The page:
Tailgaters, Back Off
We’ve all been there; driving along, doing the speed limit, or maybe just a few k faster, when suddenly you have a person behind you seemingly inches from your bumper. Usually, the first reaction is unease at the situation. Knowing the tailgater is there increases the chance of being rear-ended astronomically; it is unsettling to find someone with a total lack of respect for safety, consideration or common sense.
The next reaction is often anger. ‘Why are they such jerks?’ you wonder. You consider slamming on your brakes to ‘teach them a lesson’. Although braking brinksmanship does work occasionally to make them back off, this tactic just as often ignites a road rage situation instead. This puts everyone sharing that stretch of pavement in great danger.
You can guarantee the brake slamming action will not teach the lesson you so ardently want them to learn. Studies have shown that people who tailgate don’t do it because they are in a rush; it is simply a bad habit. Given the fact that most of the time, their tailgating ways have not led to an accident, a feeling of complacency sets in and it becomes learned behavior. There is no rationality to it. Indeed, the vast majority of these tailgaters believe they are excellent drivers with such wonderful reaction times; the rules regarding leaving a three to four second gap don’t apply to them.
In light of the reality that 95% of motorists feel they are above average drivers, which, of course, is a mathematical impossibility, experts say awareness campaigns would be ineffectual. People who are deluded about their driving skills would not feel the message was directed at them. To them, there is no problem. They just have a different ‘comfort zone’ between vehicles than other people. Their comfort zone for people behind them is often greater, too. The lack of sense or reason for not allowing an extra second or two of reaction time in case of an emergent situation does not cross their minds.
There is a technological answer to the problem, however, that is already available. To remind people to stop this irrational tailgating behavior, all cars should start being equipped with distance sensors that produce a tone when the car in front is less than a four second gap. The tone will increase in volume, or perhaps, pulse, the smaller the gap, to remind the driver to back off. It would be a convenient way to change deep-seated behavior and make the roads much safer for everyone.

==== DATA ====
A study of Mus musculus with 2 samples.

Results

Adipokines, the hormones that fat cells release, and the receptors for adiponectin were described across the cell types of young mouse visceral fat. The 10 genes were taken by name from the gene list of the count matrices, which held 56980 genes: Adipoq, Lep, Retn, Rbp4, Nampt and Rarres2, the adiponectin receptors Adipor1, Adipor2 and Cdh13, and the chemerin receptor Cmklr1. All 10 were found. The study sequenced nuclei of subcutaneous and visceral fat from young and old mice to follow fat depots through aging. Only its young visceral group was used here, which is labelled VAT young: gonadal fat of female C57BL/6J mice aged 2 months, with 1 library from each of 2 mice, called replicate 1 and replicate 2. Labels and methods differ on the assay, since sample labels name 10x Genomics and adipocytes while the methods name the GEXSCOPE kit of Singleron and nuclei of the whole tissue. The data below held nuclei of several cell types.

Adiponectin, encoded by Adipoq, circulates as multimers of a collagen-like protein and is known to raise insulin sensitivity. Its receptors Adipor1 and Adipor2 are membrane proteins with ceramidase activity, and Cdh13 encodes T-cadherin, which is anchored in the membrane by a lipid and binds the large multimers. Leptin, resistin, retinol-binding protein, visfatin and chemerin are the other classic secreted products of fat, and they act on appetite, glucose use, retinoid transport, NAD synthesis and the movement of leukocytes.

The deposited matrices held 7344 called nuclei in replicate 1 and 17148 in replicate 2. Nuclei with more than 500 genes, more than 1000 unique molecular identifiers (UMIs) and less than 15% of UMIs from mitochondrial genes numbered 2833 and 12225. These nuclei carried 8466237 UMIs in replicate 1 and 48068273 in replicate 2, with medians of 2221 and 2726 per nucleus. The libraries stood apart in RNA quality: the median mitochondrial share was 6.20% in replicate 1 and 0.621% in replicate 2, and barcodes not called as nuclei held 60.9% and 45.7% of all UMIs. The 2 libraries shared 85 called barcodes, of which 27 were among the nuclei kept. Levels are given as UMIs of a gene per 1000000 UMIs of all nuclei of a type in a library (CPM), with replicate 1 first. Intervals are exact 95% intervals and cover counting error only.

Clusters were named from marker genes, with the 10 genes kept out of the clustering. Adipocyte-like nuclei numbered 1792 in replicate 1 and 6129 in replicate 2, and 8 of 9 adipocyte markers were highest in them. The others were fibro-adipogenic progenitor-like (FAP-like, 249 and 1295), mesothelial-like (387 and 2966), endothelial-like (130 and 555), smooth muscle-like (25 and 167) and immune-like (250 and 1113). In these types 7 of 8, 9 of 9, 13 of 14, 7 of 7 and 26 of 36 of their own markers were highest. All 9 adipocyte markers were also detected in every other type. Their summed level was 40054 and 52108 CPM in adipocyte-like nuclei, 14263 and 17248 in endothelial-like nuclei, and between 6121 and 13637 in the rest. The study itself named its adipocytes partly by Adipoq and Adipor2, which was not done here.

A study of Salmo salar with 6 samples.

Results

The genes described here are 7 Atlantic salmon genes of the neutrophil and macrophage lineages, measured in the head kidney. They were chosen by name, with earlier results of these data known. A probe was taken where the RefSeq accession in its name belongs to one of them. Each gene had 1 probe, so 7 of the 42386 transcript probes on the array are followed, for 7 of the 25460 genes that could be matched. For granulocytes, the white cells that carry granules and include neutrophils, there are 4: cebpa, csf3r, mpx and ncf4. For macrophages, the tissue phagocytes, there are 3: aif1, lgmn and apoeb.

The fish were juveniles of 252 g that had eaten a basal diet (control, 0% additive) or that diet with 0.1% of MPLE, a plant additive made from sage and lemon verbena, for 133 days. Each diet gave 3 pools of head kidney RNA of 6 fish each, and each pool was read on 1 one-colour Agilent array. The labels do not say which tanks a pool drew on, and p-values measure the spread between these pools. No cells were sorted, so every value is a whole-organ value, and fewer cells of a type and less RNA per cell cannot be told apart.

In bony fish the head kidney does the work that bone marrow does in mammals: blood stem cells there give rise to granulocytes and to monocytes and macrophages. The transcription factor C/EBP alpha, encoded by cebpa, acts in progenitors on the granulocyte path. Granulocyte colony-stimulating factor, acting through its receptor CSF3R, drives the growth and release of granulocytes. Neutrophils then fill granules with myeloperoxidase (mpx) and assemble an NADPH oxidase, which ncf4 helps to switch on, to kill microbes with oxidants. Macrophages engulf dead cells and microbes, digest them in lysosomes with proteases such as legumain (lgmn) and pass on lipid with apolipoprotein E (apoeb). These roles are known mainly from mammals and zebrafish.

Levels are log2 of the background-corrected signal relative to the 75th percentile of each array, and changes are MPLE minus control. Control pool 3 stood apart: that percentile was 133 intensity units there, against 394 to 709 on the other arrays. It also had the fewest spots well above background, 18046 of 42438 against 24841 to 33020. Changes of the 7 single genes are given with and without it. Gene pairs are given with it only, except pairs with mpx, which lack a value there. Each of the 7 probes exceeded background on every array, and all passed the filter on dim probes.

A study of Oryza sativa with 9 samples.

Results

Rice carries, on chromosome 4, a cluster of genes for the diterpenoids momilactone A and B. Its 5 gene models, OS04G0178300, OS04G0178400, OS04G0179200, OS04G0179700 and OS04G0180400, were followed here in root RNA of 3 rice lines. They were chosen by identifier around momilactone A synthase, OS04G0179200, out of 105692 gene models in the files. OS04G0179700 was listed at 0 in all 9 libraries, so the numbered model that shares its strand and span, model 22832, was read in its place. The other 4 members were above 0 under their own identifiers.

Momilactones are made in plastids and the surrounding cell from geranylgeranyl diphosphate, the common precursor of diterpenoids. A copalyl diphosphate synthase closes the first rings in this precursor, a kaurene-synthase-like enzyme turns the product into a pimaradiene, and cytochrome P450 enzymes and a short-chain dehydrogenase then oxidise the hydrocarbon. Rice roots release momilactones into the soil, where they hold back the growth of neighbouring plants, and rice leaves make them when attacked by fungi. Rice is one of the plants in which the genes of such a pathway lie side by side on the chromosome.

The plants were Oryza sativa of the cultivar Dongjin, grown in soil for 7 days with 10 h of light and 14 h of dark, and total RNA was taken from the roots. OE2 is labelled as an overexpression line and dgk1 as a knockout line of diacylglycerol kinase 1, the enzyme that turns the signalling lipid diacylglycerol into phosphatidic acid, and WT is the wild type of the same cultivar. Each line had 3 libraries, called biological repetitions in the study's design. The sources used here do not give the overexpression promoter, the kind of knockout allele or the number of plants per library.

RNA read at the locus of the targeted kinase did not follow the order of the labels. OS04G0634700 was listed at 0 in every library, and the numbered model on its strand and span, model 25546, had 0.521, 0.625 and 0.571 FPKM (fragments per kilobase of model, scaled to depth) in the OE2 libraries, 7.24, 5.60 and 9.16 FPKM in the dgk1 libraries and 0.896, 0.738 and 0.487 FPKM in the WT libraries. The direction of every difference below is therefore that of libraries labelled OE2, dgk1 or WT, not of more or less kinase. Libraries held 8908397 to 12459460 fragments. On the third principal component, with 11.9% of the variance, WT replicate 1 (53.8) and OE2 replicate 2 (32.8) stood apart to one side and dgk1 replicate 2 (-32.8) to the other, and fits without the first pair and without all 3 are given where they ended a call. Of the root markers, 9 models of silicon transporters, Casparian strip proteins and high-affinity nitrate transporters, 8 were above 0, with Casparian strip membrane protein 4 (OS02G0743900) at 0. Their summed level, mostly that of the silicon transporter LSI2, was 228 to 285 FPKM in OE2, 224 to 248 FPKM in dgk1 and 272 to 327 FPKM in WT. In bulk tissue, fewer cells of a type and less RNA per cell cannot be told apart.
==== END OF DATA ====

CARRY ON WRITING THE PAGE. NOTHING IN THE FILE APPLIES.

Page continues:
We all know it will never happen, though. People care about their freedoms too much, even the freedom to break laws and imperil their fellow citizens. If people were truly serious about making the highways safer, they would support a government effort to put a limit on how fast a car should be allowed to go. Given that the fastest speed allowable in this country is 110 KPH, why are vehicle makers allowed to sell street legal cars that go over 120? It’s not like it is legal to speed, even when passing another vehicle. There is no situation on our roads that an honest person requires a car to go any faster than that. Governments, however, would be loath to implement such a system. However, knowing the pushback would be massive. There are a lot of motorists who vote and most are happy with the laws as they stand, more or less. They would rather speeding and tailgating be managed through enforcement, rather than being proactive in limiting cars’ functions. This is because they know the chances of being caught for either speeding or tailgating are really quite slim and, having not yet died in a high-speed wreck, figure ‘so far, so good so why change’?
Since we can’t count on the government to save us from these irrational idiots with their front grilles filling the rear-views, it is important to learn how to deal with these special kinds of morons.
The experts will tell you the first thing to remember when you are suddenly aware of a tailgater behind you, is to remain calm. Panicking will obviously only make the situation worse. Check your speedometer and if you are doing the speed limit, don’t feel pressured to go faster. The tailgater won’t pay your speeding ticket. Try not to obsess about the vehicle and only check your rearview as often as you normally would. Remember to drive your drive. Never let someone else’s driving behavior influence your own. You cannot change how the person behind you drives but you can change your reaction to it.
There are some drivers that appear to be in great need of a Snickers bar, because they cross the line from mere aggressive to downright dangerous driving. In this case, your best defense is to try and pull over as soon as it is safe to let the idiot pass. If the jerk is persistent, maybe consider phoning 911 and driving to the closest RCMP detachment. Whenever you see someone imperiling the lives of other motorists in an extreme way, whether appearing to be intoxicated or in a rage, for example, it is vital to get the license and call 911. You would be doing everyone a favor, including yourself.
The fact is that tailgating does not get you to your destination any faster. If you are rushing constantly, maybe give yourself more time to get to your destination, instead of factoring in the need to speed as part of your time management strategy. Your lack of proper time management is not other drivers’ problem. Back off.